Philip Morris International and British American Tobacco Win PETA Award For 3R's work
Scientists from Philip Morris International (PMI) and British American Tobacco (BAT) have received an award from the PETA International Science Consortium Ltd for their contributions to the Adverse Outcome Pathway (AOP) Wiki, a publicly available knowledge base and online encyclopedia created by the European Commission's DG Joint Research Centre (JRC), the U.S. Environmental Protection Agency (EPA), and the Organization for Economic Co-operation and Development (OECD). BAT and PMI have developed two AOPs that map out the potential impact of substances on the circulatory system (hypertension) and on the respiratory system (decreased lung function) respectively and can be accessed at the AOP Wiki (https://aopkb.org/).
An AOP is a theoretical framework that describes a sequence of events and mechanisms by which substances, such as chemicals, can cause adverse human health effects. These frameworks can be used by scientists and regulators to predict adverse effects and protect human health using non-animal approaches.
“AOPs not only open the door to new approaches to toxicological assessment, they also allow for more timely and cost-effective testing that does not rely on long-term epidemiological studies”, said Dr Karsta Luettich, Principal Scientist, PMI. “This will be of considerable benefit to research scientists, chemical and consumer product industries and also to regulatory bodies. PMI and BAT are committed to the ‘3Rs’ strategy to replace, reduce and refine animal testing, and we hope that scientists in other fields and industries will utilize these AOPs in their own toxicological assessment work.”
The award includes a financial prize that PMI and BAT have donated to PETA International Science Consortium to support ongoing AOP scientific activities. Dr Marianna Gaca, Pre-Clinical Assessment Manager, BAT, commented: “We are delighted that the PETA International Science Consortium have recognized our joint contribution to the AOP Wiki. This award recognizes the recent collaborative efforts made by BAT and PMI scientists to share knowledge, experiences and work together to help advance the field of non-animal testing supporting next-generation tobacco and nicotine product risk assessment.”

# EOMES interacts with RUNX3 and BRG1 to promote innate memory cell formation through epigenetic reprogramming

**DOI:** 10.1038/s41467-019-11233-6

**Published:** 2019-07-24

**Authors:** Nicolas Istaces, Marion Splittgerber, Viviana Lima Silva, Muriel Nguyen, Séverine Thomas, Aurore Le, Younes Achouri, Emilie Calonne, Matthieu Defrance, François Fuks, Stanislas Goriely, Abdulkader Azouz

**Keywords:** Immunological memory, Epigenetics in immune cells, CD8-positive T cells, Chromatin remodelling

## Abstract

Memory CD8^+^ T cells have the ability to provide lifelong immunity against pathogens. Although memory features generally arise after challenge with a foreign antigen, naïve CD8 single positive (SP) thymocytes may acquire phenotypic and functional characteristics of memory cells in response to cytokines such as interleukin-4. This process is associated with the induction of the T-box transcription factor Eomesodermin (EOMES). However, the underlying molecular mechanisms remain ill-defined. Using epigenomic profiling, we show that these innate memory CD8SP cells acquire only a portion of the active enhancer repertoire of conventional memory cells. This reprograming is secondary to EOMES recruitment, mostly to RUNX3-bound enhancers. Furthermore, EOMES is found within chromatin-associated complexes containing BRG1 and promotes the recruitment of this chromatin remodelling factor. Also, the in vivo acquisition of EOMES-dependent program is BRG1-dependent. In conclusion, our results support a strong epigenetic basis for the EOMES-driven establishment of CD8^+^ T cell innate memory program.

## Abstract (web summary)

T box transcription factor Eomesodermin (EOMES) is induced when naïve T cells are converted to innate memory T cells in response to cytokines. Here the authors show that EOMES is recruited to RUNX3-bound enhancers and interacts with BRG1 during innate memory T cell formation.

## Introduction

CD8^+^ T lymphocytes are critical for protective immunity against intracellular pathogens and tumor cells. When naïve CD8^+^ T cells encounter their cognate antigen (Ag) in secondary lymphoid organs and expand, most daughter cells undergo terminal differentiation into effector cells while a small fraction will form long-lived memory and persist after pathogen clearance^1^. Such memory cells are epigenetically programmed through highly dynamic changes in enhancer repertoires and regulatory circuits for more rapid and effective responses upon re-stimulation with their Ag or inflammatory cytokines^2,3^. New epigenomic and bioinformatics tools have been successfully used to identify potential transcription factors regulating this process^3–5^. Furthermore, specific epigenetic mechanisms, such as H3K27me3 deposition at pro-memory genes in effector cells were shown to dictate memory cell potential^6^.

“The AOPs that PMI and BAT have developed are highly significant in the context of 21st Century Toxicology,” said Dr Amy Clippinger, Associate Director, PETA International Science Consortium. “Not only do they provide a framework for toxicological strategies that do not use animals, they also unlock the potential for deeper levels of scientific understanding than could be achieved with animal tests. The AOP Wiki – a collaborative effort between the OECD, the US Environmental Protection Agency and the European Commission’s Joint Research Centre – is a vital resource in the modernization of toxicology. We greatly appreciate PMI and BAT’s contributions to this important endeavor.” Details of the award are available at http://www.piscltd.org.uk/aop-prize/.
This article has been republished from materials provided by Philip Morris International and British American Tobacco. Note: material may have been edited for length and content. For further information, please contact the cited source.
New Report Recommends Ending Routine Poisoning Test on DogsNews
A report commissioned by the Japanese Food Safety Commission recommends removing poison tests on beagles from their pesticide registration requirements in line with the E.U., U.S and Canada.READ MORE
Cocktail Tests on Toxic Waste Called ForNews
Urban waterways receive a cocktail of pollutants, sometimes containing high concentrations of medicines like antidepressants. Surprisingly low concentrations of toxic chemicals can change the way some aquatic creatures swim and feed producing some unexpected results.READ MORE
Comments | 1 ADD COMMENT
Lucy Post | Feb 09, 2017
Bravo! This AOP Wiki will not only help spare animals from painful tests, it will advance toxicology testing, by revealing WHY any given chemical is toxic to humans.